The Hathaway family

The Hathaway name is best known today for a park and a school, both in Washougal. But the Hathaways were tied in with numerous other facets of Clark County history dating back to 1853.

Brothers Marshall R. Hathaway and Jeremiah S. Hathaway were New York state natives who crossed the Plains in 1852 with their families. They stayed for a short time in Portland, then took land in 1853 in the Ridgefield area.

In a few years, J.S. Hathaway bought a farm on the north side of the military reservation at Vancouver, and later moved to a farm three miles west of town on the Columbia River.

M.R. Hathaway resided in Vancouver in later years.

He taught school for many years, was Clark County school superintendent for three terms, served as a justice for the peace for a long time and was a territorial legislator.

He died in 1896.

His brother, a farmer and a probate judge, had died in 1876, and his donation claim was sold to David Fales.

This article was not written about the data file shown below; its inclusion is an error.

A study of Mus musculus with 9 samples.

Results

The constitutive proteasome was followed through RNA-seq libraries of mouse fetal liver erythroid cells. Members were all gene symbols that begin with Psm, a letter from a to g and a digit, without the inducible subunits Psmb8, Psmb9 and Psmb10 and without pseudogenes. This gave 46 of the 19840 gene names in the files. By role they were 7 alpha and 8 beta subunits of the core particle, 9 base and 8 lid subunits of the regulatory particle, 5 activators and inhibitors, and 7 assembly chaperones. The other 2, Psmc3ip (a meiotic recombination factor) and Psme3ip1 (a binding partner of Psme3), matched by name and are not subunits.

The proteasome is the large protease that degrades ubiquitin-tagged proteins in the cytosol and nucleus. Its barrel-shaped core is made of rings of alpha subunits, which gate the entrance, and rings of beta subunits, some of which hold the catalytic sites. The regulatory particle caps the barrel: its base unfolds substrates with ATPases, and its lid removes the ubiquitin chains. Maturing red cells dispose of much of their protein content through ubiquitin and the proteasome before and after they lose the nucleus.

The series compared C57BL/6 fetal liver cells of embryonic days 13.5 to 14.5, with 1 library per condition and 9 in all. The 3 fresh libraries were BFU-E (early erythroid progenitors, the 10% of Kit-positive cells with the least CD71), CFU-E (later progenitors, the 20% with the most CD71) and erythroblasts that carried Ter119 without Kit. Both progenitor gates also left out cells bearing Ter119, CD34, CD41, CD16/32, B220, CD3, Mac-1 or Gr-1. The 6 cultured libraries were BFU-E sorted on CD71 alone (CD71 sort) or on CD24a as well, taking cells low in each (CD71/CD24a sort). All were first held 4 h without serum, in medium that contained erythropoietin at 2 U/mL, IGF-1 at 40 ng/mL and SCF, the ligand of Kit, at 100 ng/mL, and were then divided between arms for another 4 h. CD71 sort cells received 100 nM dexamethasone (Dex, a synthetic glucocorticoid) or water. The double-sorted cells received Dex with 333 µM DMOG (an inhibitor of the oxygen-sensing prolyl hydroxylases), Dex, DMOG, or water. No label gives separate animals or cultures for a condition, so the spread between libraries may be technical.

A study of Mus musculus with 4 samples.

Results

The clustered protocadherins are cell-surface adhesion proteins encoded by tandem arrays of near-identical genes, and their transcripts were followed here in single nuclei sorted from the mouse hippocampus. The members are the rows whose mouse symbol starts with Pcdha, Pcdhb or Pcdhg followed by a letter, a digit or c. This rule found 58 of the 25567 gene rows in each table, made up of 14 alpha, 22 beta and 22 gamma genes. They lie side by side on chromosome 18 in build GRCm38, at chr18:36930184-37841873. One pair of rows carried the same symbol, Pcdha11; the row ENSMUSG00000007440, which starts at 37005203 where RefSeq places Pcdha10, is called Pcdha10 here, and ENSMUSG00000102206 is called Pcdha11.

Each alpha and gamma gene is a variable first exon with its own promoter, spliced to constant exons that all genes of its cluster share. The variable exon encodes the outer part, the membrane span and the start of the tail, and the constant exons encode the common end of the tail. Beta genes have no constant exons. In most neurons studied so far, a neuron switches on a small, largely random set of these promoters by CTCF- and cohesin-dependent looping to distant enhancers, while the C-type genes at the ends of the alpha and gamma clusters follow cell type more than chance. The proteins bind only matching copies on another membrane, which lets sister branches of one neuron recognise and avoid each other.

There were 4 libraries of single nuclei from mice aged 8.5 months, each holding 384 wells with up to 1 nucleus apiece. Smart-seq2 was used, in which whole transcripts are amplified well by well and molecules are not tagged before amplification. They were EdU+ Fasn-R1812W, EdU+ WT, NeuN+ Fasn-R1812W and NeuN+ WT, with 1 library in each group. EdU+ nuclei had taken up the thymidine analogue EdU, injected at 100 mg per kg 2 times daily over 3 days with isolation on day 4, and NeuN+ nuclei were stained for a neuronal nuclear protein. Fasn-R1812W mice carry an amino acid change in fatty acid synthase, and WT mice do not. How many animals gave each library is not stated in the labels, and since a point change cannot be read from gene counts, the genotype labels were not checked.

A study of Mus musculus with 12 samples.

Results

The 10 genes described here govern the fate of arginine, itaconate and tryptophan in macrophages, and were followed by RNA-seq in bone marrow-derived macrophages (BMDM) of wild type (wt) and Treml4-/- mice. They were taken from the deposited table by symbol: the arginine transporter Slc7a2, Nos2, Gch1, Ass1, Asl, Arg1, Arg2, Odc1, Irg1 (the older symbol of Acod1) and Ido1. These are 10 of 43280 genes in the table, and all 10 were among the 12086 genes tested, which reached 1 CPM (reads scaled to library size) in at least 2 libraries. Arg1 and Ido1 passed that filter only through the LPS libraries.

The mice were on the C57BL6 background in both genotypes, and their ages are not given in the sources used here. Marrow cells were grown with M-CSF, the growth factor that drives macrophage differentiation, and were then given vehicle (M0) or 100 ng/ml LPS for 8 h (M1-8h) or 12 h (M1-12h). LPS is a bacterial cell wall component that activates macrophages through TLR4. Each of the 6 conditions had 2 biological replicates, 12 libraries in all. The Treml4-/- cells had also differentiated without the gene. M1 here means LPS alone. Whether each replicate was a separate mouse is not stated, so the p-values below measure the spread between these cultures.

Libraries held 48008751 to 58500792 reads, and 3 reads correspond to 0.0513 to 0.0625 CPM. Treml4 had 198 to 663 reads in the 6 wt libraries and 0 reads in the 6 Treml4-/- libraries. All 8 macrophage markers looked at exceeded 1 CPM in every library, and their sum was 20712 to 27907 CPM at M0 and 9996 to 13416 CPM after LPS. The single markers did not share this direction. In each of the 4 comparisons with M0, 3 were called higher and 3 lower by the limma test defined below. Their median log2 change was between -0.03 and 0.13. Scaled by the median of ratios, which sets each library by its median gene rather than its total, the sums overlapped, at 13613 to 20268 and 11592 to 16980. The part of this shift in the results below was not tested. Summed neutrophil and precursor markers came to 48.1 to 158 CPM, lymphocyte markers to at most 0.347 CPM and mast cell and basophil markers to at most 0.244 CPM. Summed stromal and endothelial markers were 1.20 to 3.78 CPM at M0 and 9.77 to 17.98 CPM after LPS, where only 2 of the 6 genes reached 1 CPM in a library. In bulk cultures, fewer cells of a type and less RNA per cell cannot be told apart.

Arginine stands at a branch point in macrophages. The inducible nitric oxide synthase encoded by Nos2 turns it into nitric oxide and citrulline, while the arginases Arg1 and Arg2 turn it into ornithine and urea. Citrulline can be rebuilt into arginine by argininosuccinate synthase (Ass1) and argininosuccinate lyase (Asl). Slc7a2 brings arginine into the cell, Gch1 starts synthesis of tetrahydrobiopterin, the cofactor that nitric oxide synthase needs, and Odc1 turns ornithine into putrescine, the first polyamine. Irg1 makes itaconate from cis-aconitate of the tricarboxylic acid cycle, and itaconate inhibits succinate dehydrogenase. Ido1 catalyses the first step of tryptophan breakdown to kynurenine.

Among J.S. Hathaway’s numerous children were twins, Alpha B. and Alfred Omega Hathaway.

In 1921 Alfred Hathaway lost an arm to blood poisoning but continued to work. He is noted for his donation of Hathaway Park to the town of Washougal.

When a reporter visited Hathaway in 1925 the property was known as the Hathaway Free Auto Park.

“The river runs along one side for a distance of about 600 feet, and the bathing is fine,” the newsman wrote. “The city has built two bathhouses, two big concrete stoves and fully one half dozen big tables. Running water is piped to three parts of the park and there are swings for the kiddies.” “It would be hard to find a free city auto park more pleasantly located and so well provided with things that please the auto tourist.”

Alfred Hathaway also gave the site for a school in Washougal that still carries the family name.

When the Hathaway brothers celebrated their 85th birthdays, they claimed to be the oldest living twins in Washington State.

Their last birthday celebration together was in Washougal, when they were 91. At that time the twins, both widowers, estimated they had 200 direct relations in Clark County, and many more by marriage.